As if the grades, test results, and extracurricular activities weren’t enough, you’ve got a college admission essay to write. Through your writing, a college needs to understand who you really are: your values, how they factor into your daily life and adopted responsibilities, and how you think they contribute to a grander goal. So, how do you pull that off?
Offer new information. In your transcript and resume, colleges already get to see your accomplishments. Use your essay to offer the why and how of what you did. Take this opportunity to reveal what really motivates and interests you. Add feeling to the essay. It allows readers to connect with you and better understand your personality.
Keep it simple. The best admissions essays leave readers with a clear idea of who you are: a math whiz, a musical talent, a community leader, an environmentalist. That means that you don’t have to include everything. If you introduce yourself as an award-winning animal lover who does ballet, works in a nursing home, and loves to cook, that’ll be harder to remember than choosing your favorite of the five identities and focusing on that.
Work around a theme. A strong central theme helps keep the story simple and focused. Themes might include the power of words, self-awareness, empowerment, family, and identity. Treat the theme as a thesis statement and make sure the theme is (relatively) obvious. Admissions officers will not dissect thematic details like you do in literature, so coyness isn’t your best friend here.
Keep in mind the purpose of the essay in the eyes of the admissions officers. Colleges crave students who will thrive on their campuses, contribute, and succeed beyond their graduation. So, with your essay, show your positive qualities that satisfy these desires. What are your most admirable traits? Are you a leader, problem solver, creative thinker, teambuilder, motivator? Share the positive attributes that make you unique. Recognize, explain, and promote these qualities to give colleges a reason to accept you over another applicant.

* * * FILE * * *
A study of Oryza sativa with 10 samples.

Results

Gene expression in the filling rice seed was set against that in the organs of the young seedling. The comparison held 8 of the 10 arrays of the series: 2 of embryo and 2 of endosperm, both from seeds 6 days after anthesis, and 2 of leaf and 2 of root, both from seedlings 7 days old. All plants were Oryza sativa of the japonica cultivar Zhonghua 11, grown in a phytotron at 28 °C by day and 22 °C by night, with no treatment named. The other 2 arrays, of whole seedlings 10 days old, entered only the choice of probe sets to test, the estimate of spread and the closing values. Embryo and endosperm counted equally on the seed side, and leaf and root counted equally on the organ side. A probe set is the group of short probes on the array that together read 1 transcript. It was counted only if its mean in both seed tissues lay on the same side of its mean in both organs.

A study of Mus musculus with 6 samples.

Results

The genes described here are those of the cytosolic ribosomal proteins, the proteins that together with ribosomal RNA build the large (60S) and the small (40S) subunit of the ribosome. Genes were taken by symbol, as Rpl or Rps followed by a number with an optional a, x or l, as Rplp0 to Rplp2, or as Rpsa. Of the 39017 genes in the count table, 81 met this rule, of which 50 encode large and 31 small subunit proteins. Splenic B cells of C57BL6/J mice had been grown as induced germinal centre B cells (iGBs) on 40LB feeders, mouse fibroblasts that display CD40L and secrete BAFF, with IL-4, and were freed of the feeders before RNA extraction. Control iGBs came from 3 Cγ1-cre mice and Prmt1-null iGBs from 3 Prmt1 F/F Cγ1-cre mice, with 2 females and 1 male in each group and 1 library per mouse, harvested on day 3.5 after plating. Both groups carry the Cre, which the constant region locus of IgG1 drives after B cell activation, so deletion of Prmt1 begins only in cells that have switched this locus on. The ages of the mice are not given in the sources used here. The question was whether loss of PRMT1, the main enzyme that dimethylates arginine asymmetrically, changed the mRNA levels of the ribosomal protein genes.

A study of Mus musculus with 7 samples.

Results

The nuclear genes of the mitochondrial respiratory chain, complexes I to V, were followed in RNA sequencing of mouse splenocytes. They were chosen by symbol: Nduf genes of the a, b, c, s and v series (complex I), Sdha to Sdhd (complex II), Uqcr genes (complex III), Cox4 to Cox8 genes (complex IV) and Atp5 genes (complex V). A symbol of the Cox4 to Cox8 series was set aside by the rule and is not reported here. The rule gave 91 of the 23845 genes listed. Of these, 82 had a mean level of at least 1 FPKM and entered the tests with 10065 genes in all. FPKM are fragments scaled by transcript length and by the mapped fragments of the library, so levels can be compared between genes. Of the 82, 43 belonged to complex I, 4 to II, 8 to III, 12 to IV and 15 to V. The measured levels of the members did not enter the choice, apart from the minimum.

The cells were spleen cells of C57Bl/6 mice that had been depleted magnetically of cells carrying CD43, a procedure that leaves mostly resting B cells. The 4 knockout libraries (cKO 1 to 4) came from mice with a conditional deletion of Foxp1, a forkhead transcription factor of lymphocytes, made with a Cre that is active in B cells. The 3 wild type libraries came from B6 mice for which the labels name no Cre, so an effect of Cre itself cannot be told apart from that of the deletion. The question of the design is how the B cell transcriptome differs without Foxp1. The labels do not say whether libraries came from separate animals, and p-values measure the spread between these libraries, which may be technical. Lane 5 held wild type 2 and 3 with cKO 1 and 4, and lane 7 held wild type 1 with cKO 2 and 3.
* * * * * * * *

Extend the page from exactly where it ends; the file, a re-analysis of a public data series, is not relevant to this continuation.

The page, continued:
“I impatiently rummaged through my Hello Kitty backpack. It was almost my turn to present the show and tell activity of the week. As I anxiously anticipated the reaction of my Kindergarten classmates, my youthful exuberance was silenced by the sound of a violin brought in by another student. I remember how I ran home begging my mom to take lessons. After a few weeks of harassment, I started to learn the violin.”
Notice the difference between this paragraph above and a statement like “I got my first violin when I was 5 years old after I asked my mother for one because I liked the sound of violins.” Vivid language conveys who you are, and how you think as an individual!
Think about your reader. If you’re bored of writing your own story, think about how admissions officers feel as they read thousands upon thousands of essays. Reenergize them by writing about something you’re passionate about, and writing about it with passion. Affection for a subject is contagious!
Describe, don’t state. If you say that you’re an entrepreneur and that you’re a good candidate for an undergraduate degree in business, admissions will respond: why? Who says? But if you demonstrate some good business savvy by saying you’ve identified a problem, started your own small business to fix it, launched a website, made headlines, struck a deal with a major distributor, and sold for thousands of dollars of the product, then they will see that you’re an entrepreneur — and, even better, that you can concisely describe the evolution that took place.